China supported the G77 and other developing countries for removing obstacles and speeding up work on amending the Kyoto Protocol, Xie Zhenhua, China’s chief climate change official, told the press later on Dec 14.
China favors that the first installment of climate change fund goes to the African, the small islands and least developed countries that most need them, even though it doesn’t mean that China does not qualify, Xie said.
China is also willing share its experiences and developing cooperative projects with developing countries in mitigation and adaptation of climate change.
An air of disappointment clearly took hold earlier yesterday as African countries and the Group of 77, an alliance of developing countries warned that they would leave the negotiation table of the UN climate change conference mainly because the rich countries want to supplant the Kyoto Protocol and show no willingness to discuss binding emission by 2020.
At a press conference yesterday, African countries said that they refuse to continue negotiations unless talks on a second commitment period to the Kyoto Protocol are prioritized ahead of broader discussions under a second long-term cooperation action track. Australia, Japan and others have succeeded in stopping Kyoto Protocol discussions as a result.
The meetings resumed later during the day and informal consultations among ministers from 48 countries began later yesterday to try to find solutions to “crunch issues” surrounding the two draft documents, Connie Hedegaard, President of the United Nations Climate Change Conference (COP15), said while answering questions raised by delegates at the plenary session.
Meanwhile, the working groups agreed to focus on amendments to Kyoto Protocol, which is the “priority” of the negotiations for an ambitious outcome of the Climate Change Conference, Hedegaard told the delegates.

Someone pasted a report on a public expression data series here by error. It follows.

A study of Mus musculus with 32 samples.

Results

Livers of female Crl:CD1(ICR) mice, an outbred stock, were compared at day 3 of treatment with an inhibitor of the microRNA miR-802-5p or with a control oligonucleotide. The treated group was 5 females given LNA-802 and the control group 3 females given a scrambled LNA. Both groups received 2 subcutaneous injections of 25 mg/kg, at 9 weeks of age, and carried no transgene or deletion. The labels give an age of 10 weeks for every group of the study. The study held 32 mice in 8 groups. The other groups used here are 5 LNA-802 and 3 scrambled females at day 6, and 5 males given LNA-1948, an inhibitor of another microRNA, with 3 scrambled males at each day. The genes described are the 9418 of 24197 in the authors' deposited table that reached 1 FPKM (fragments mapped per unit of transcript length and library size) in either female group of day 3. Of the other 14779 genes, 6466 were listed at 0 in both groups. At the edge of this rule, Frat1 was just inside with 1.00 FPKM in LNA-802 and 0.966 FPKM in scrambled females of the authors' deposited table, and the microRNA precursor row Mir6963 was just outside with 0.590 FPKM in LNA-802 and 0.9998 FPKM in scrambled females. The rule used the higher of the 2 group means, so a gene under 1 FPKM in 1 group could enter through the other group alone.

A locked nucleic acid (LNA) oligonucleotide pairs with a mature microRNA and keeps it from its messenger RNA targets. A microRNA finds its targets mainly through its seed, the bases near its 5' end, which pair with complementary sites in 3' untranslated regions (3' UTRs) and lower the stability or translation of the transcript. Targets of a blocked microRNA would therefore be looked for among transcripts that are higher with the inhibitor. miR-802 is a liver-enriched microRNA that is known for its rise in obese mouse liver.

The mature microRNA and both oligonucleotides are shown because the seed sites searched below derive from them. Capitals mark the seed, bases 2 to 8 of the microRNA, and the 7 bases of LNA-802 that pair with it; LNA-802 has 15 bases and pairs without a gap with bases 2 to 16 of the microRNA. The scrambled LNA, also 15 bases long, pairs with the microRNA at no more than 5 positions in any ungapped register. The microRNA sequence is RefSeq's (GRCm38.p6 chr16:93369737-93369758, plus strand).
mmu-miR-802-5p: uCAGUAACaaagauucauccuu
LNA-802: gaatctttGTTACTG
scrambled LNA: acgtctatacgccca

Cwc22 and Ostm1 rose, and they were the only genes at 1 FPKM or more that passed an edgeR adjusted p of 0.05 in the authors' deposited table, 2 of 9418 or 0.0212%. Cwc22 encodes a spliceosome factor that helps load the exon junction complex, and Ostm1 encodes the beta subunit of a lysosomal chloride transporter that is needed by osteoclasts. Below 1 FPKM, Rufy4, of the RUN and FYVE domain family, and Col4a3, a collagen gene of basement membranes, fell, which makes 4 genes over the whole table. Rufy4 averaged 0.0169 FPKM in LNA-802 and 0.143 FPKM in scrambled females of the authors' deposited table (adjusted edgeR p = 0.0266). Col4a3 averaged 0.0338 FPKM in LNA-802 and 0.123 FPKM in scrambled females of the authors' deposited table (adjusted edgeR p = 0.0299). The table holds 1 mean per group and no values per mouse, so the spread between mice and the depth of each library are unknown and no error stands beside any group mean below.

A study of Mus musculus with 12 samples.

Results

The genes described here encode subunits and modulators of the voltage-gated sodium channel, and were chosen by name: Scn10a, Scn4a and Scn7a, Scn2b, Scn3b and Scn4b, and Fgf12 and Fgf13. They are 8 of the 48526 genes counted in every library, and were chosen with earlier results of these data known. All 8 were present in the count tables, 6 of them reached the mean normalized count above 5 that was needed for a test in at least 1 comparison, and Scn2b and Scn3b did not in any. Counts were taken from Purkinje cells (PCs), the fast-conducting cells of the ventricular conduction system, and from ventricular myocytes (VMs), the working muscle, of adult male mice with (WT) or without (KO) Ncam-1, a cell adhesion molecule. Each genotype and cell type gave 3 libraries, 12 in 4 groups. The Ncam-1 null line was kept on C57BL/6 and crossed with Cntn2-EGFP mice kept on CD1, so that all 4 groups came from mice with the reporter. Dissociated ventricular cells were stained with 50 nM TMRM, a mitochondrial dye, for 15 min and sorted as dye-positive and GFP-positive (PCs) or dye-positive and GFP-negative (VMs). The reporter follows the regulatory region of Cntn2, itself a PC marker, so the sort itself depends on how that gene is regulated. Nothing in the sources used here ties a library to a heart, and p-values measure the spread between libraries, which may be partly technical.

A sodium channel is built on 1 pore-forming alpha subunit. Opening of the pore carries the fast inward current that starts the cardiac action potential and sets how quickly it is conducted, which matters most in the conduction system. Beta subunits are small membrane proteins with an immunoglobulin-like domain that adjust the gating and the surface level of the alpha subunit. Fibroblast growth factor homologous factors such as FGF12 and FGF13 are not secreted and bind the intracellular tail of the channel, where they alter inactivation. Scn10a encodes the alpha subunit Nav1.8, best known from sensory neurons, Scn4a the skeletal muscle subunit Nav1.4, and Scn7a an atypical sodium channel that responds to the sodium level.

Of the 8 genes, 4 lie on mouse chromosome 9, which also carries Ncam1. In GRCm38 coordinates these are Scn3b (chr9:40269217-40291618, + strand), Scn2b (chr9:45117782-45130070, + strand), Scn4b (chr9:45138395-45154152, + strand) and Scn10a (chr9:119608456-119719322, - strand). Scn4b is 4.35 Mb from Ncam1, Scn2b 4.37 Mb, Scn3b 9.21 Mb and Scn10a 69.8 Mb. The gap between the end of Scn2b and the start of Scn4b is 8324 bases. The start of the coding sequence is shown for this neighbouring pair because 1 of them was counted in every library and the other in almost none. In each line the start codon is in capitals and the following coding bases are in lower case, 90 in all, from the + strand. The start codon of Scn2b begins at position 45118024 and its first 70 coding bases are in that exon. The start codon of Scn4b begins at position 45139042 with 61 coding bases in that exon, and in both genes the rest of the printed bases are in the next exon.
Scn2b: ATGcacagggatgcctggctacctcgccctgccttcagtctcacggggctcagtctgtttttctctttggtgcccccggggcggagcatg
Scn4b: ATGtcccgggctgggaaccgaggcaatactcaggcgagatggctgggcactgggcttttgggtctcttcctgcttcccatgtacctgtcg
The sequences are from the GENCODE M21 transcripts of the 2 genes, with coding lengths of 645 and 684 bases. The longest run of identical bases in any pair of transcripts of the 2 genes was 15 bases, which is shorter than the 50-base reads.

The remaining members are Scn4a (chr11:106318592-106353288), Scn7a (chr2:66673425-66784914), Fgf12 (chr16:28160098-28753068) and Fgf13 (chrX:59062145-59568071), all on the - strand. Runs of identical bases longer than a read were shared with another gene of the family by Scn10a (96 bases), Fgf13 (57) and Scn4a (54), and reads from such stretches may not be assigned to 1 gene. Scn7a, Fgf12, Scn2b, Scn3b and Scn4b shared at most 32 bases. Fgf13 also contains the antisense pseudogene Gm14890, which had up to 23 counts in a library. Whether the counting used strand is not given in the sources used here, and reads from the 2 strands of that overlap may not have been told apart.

Emission reduction targets of the developed countries remain one of the thorny issues that hinder the progress in the negotiations, Hedegaard said.
Developing countries have demanded that the developed countries keep up their promise that they made when the Kyoto Protocol was adopted 12 years ago. They called for developed countries to agree to cut greenhouse gas emissions by a minimum of 40 percent on 1990 levels.
A Switzerland delegate, speaking on behalf of the European Union, said that the EU is prepared to work on all the issues, including the work on Kyoto Protocol.
Most delegates from developing countries voiced their strong commitment to the two-track negotiations. One is under the Kyoto Protocol while the other focuses on longer-term and broader issues.
Some developed countries want to converge the two tracks. Critics say the intention is to evade their binding responsibilities under the Kyoto Protocol, which was adopted in 1997 and set binding reduction targets for 37 rich countries during 2005-12.
One of the major aims for the current negotiation is to set a binding target for developed countries after 2012.
Jeremy Hobbs, Executive Director of Oxfam International said African countries put the brakes on yesterday, as rich countries reluctance to discuss binding emissions reductions brought chaos to the negotiations.
“Africa has pulled the emergency cord to avoid a train crash at the end of the week. Poor countries want to see an outcome which guarantees sharp emissions reductions yet rich countries are trying to delay discussions on the only mechanism we have to deliver this – the Kyoto Protocol,” said Hobbs. He also said: “This not about blocking the talks – it is about whether rich countries are ready to guarantee action on climate change and the survival or people in Africa and across the world.
He criticized Australia and Japan for crying foul while blocking movement on legally binding emissions reductions for rich countries. “This tit-for-tat approach is no way to deal with the climate crisis.”